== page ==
If you thought last Saturday night’s Charlotte race had some great post-race drama, wait until you see what happens Sunday.
The GEICO 500 at Talladega Superspeedway features three former champions and Dale Earnhardt Jr. having their seasons and championship hopes on the chopping block.
They’re the last four in the Chase standings with five races remaining and Talladega decides who moves on to the next round where only eight drivers will participate.
The only drivers locked in to advance to the next stage of three races are Joey Logano and Kevin Harvick on the basis of their wins in the past two races. Kyle Busch can advance with a finish of 24th or better, Ryan Newman 19th or better, Carl Edwards 18th or better, Jeff Gordon 16th or better and Denny Hamlin 15th or better. For the bottom four, they’re probably going to have to win to advance.
The drivers that have to win to get in have all fared extremely well at Talladega over their great careers, but the deck is stacked up against them like no other track. The edge they hold in the 32 other non-restrictor plate races is completely wiped out.
At Talladega, 38 of the 43 cars starting have a legitimate shot of winning like nowhere else. At Texas for example, there are maybe 20 cars a case could be made for to win where the rest of the field is insignificant other than being obstacles for the elite teams to pass.
The most interesting storyline of all is that two of the drivers that likely have to win to get in, past Cup champions Kenseth and Keselowski, got into a fight following Saturday’s night’s Charlotte race.
Keselowski showed some frustration on the track with some of his actions, which he was retaliating for an early instance, and it all boiled over when Kenseth put Keselowski in a head lock, or at least tried to.
This all so awesome, almost like WWE, but real. Although the WWE could write a script with a 15-year veteran never losing his cool throughout, and actually being pushed around by a few, until he finally snaps and says he’s not going to take it anymore.
That’s what makes Kenseth actions Saturday night so interesting. He’s is as cool and relaxed as any driver in NASCAR history. He never cracks, but with the season on the brink, this new version of the Chase has definitely infused some new heat at this juncture of the season we have never seen before.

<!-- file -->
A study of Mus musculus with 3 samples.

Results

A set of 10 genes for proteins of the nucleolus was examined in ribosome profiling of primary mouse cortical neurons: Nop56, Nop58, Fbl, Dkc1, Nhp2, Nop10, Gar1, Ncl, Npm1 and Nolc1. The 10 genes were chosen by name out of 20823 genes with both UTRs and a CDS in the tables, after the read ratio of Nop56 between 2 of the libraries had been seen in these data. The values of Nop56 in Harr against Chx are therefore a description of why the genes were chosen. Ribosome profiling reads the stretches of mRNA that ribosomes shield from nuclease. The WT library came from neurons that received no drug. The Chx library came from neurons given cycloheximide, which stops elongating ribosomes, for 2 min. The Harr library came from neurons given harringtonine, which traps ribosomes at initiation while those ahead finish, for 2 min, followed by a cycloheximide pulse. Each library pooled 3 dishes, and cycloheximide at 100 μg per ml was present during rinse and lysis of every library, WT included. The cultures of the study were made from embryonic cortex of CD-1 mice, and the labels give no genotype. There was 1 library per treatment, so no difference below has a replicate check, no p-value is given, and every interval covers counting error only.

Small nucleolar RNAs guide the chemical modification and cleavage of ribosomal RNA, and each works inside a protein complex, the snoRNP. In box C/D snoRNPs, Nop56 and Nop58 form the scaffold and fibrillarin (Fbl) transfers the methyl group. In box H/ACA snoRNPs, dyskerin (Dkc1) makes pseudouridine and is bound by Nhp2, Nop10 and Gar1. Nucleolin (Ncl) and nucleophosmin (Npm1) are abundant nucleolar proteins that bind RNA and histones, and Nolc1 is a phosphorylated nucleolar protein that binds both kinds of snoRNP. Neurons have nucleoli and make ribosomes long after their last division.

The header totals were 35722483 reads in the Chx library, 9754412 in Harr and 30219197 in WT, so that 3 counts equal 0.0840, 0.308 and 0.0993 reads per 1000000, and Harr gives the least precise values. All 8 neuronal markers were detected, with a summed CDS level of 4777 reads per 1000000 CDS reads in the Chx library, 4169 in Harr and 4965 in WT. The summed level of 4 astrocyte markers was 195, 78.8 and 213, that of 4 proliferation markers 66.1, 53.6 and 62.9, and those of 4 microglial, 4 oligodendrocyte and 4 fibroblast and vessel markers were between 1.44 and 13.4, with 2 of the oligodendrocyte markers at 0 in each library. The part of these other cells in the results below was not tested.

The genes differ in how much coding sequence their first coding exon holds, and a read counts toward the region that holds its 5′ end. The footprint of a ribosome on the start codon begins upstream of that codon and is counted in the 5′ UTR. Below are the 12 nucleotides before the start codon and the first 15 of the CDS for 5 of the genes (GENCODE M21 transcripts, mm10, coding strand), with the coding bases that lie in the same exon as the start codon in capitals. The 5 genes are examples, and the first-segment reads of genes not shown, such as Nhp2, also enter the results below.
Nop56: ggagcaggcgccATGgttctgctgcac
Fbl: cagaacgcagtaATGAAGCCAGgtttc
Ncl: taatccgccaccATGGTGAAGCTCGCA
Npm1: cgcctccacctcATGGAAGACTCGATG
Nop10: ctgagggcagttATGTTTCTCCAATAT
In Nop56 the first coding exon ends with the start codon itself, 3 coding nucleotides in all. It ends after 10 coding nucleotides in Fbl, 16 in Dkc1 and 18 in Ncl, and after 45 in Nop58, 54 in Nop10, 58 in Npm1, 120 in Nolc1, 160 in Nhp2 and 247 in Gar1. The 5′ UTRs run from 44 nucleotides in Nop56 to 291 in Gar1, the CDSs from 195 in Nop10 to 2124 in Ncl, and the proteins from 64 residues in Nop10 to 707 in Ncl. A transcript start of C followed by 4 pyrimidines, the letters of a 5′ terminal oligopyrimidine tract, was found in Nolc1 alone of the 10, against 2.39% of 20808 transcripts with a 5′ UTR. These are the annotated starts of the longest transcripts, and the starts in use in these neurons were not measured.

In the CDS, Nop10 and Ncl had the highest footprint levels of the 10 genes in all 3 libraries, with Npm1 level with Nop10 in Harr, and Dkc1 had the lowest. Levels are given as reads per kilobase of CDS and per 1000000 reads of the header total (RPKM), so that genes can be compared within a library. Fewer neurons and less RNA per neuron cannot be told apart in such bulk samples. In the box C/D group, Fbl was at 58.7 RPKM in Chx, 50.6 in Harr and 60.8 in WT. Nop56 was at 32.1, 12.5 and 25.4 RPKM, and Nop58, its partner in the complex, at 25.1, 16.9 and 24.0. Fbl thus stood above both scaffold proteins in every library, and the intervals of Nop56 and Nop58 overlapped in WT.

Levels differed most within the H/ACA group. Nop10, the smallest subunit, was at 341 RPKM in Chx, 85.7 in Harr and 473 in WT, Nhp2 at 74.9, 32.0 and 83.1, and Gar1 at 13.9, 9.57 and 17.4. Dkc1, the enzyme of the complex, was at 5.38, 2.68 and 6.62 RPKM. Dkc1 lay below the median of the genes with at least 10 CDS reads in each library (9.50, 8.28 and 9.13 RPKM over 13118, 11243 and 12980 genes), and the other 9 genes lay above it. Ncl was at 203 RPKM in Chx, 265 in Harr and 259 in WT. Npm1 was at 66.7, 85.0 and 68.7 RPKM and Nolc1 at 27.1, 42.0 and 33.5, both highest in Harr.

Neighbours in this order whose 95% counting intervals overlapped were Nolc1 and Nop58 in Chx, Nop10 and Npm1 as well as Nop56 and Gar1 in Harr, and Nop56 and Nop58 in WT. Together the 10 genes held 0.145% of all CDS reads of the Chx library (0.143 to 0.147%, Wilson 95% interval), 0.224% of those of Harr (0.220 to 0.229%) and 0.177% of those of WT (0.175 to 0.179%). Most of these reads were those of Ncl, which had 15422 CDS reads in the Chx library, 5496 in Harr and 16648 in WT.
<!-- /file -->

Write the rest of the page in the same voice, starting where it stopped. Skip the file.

If it can make Kenseth’s stack blow, it has really struck a nerve.
Even though there are so many other drivers participating that have a chance to win that we never talk about, like David Ragan or David Gilliland, I would expect Kenseth to fare the best out of Johnson, Keselowski and Earnhardt Jr. And if one of those drivers eighth in points or better – No. 8 Kasey Kahne has a 1-point edge over No. 9 Kenseth – wrecks early, which is entirely possible, someone can sneak in and Kenseth has the edge.
Not only does Kenseth have a 2012 Talladega win or two Daytona 500 wins under his belt, he’s also with Joe Gibbs Racing that have just a slim advantage over the other equal cars. He led the most laps between the four plate races last season and teammate Denny Hamlin won the first Talladega race back in May.
The most impressive driver in the first race was Greg Biffle who led a race-high 58 laps and finished second. The Roush-Racing program has been very competitive in plate races over recent years with wins by Kenseth, Ragan and Jamie McMurray.
Then you have Earnhardt Jr. who has won five times at Talladega, Jeff Gordon who has won six times and Jimmie Johnson who has won twice.
For Johnson, this will be a new experience for him at Talladega where he’s normally laying low trying to point race with no real intention of winning, but rather to just keep the car on the track with no damage. Johnson basically has to win for any chance of winning his seventh Cup title.
Micah Roberts is a former Las Vegas race and sports book director, one of The Linemakers on SportingNews.com , and longtime motorsports columnist and sports analyst at GamingToday. Follow Micah on Twitter @MicahRoberts7 Contact Micah at [email protected].